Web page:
Archive | April, 2016

The Desire for Low Taxes has nothing to do with Freedom

30 Apr

The demand for freedom is a powerful rallying call. The economic right often portrays its relentless demand for ever lower taxes as a fight for freedom from ‘big government’. One problem with this framing is that money is itself a kind of freedom; financial freedom is freedom to have and to do. The poor have few options, and this is a perfectly good sense in which their freedom is severely constrained. When we reduce (or even abolish) redistributive taxation we take financial freedom from the poor and give it to the rich.

The real concern of the economic right is not with freedom but with property rights. Their fundamental resentment is the state taking ‘our money’. The most worked out defence of this position is due to the philosopher Robert Nozick, in his classic work ‘Anarchy, State and Utopia’. Nozick thought of property rights the way most of us think of basic human rights. Just as it is a fundamental duty of the state to protect our basic human rights, so for Nozick it is a fundamental duty of the state to protect our property rights. If the disadvantaged suffer, or are even left to die, then that is regrettable. But for Nozick no evil is so great as to justify the state taking even one penny of our property away from us (beyond what is required to fund the most basic functions of the state, such as the police).

In other words, Nozick thought that the protection of property rights is more important than human happiness. Does that makes sense? Jesus famously said ‘The Sabbath is made for man; and not man for the Sabbath.’ His point was that the religious authorities of his time were fetishizing religious institutions and traditions, putting them above human happiness when the very purpose of such institutions is to serve the spiritual nourishment of people. I think a similar charge can be levelled against the economic right. The right to property is not some natural, sacred thing that exists independently of human conventions and legal practices, and which we are obliged to shape our laws to protect. Rather we create property rights, by setting up legal institutions which ensure that people have certain legal rights over the material world.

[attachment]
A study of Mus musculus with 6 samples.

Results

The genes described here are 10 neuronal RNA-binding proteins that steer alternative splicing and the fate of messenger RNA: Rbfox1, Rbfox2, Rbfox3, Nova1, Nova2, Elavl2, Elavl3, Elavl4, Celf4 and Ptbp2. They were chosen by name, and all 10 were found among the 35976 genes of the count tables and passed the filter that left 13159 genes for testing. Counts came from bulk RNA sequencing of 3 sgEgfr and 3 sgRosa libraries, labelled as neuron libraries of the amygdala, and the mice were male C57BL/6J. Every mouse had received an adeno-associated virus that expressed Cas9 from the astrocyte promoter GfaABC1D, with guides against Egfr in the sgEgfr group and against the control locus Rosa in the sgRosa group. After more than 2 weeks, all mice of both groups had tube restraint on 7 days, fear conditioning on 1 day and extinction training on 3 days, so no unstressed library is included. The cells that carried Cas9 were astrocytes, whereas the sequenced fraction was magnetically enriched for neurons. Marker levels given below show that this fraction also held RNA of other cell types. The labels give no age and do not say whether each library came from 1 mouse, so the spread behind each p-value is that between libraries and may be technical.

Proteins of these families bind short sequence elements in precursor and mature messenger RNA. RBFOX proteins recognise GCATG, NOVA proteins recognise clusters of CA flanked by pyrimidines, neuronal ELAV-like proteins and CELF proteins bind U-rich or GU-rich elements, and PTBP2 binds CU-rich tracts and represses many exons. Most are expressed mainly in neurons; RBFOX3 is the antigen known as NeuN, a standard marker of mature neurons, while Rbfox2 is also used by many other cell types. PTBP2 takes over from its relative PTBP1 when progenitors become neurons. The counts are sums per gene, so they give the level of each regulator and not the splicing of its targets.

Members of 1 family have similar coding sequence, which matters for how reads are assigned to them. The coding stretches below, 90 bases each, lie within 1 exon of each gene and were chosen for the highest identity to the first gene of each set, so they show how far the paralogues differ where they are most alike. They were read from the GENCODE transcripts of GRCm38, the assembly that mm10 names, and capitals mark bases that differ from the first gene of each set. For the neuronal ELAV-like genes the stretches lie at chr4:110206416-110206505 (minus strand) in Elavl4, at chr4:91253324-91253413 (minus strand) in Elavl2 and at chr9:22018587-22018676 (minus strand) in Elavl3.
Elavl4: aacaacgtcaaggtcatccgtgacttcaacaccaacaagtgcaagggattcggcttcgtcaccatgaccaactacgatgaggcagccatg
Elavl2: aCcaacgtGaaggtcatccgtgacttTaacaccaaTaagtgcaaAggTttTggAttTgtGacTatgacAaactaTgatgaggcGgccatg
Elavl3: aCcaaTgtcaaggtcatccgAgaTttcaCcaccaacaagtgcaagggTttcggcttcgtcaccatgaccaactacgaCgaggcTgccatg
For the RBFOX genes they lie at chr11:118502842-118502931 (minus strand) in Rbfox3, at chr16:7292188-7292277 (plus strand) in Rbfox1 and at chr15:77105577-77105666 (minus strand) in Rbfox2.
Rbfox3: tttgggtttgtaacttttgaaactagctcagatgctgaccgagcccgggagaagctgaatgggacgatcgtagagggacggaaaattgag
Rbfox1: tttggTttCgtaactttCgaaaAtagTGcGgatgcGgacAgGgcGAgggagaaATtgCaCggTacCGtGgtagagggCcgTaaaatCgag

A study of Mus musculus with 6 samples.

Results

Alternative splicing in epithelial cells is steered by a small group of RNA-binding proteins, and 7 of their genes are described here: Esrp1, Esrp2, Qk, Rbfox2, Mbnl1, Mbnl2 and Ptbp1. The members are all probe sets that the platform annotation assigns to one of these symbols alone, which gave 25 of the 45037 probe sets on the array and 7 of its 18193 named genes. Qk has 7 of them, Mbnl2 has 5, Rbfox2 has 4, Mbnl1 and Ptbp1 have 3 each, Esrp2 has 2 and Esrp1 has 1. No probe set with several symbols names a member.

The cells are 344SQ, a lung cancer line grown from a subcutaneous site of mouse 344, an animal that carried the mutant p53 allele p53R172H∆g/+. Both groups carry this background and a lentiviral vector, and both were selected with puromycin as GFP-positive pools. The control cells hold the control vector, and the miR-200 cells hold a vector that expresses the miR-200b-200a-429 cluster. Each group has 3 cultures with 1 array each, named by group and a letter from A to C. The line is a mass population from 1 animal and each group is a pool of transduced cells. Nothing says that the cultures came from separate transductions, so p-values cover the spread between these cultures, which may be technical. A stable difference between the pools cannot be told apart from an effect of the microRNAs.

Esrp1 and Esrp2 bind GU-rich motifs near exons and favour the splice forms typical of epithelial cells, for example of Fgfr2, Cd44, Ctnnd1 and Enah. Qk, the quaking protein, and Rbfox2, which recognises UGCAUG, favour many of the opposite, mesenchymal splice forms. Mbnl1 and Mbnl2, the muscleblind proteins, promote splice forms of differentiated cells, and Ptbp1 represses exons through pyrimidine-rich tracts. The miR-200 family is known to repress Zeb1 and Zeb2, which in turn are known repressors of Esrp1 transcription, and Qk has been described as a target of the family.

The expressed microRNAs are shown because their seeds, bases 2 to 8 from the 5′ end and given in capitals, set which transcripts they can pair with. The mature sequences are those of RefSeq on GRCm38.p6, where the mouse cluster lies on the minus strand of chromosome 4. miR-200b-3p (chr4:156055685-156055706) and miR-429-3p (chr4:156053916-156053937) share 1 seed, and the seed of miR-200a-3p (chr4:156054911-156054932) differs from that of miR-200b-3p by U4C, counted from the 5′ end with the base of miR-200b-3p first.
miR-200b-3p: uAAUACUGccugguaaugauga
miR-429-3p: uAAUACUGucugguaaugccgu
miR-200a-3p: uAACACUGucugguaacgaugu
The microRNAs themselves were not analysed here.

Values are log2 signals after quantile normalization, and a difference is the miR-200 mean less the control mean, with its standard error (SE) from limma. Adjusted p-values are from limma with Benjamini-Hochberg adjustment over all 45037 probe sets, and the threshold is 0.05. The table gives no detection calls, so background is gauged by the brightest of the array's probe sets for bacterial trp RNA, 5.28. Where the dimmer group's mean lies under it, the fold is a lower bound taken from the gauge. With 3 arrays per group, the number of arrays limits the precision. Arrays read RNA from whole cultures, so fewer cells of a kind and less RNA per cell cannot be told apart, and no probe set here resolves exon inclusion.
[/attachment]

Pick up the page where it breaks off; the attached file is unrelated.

Given that we create property rights, we can shape them as we choose. We could make the legal right to property as inalienable as the right to life, and thus rule out the possibility of taxation. Or we could make the right to property a qualified right, conditional on the payment of taxes. The only question we need to ask is which of these possibilities better serves human happiness or other considerations of justice.

There is obviously room for debate about how much redistribution is economically feasible, and about which things are better left in public/private ownership. But when we remember that property rights are manmade, we appreciate the full range of possibilities available to us; we are empowered to create a system of tax and property which serves the betterment of human kind. In contrast, when the economic right declare that ‘Taxation if theft’, they inculcate the idea that property rights are natural rather than manmade, and as such are unchanging and inflexible; to be respected even if this is at the cost of justice or happiness of 99% of humanity.

This point is subtle but crucial. In a democracy the wealthy must continuously find ways of getting the poor to vote against their interests; of creating what Marx called ‘false consciousness.’ After the 2008 financial crisis the fetishization of debt was used to distract low and middle earners from the fact that they were paying for the mistakes of bankers. The fetishization of property rights is a much more pervasive source of false consciousness. It is a way of making the current distribution of wealth and property seem natural and inevitable; a matter of what people have an inalienable right to. In fact, the system of property and taxation is manmade. We have the power to shape it as we choose.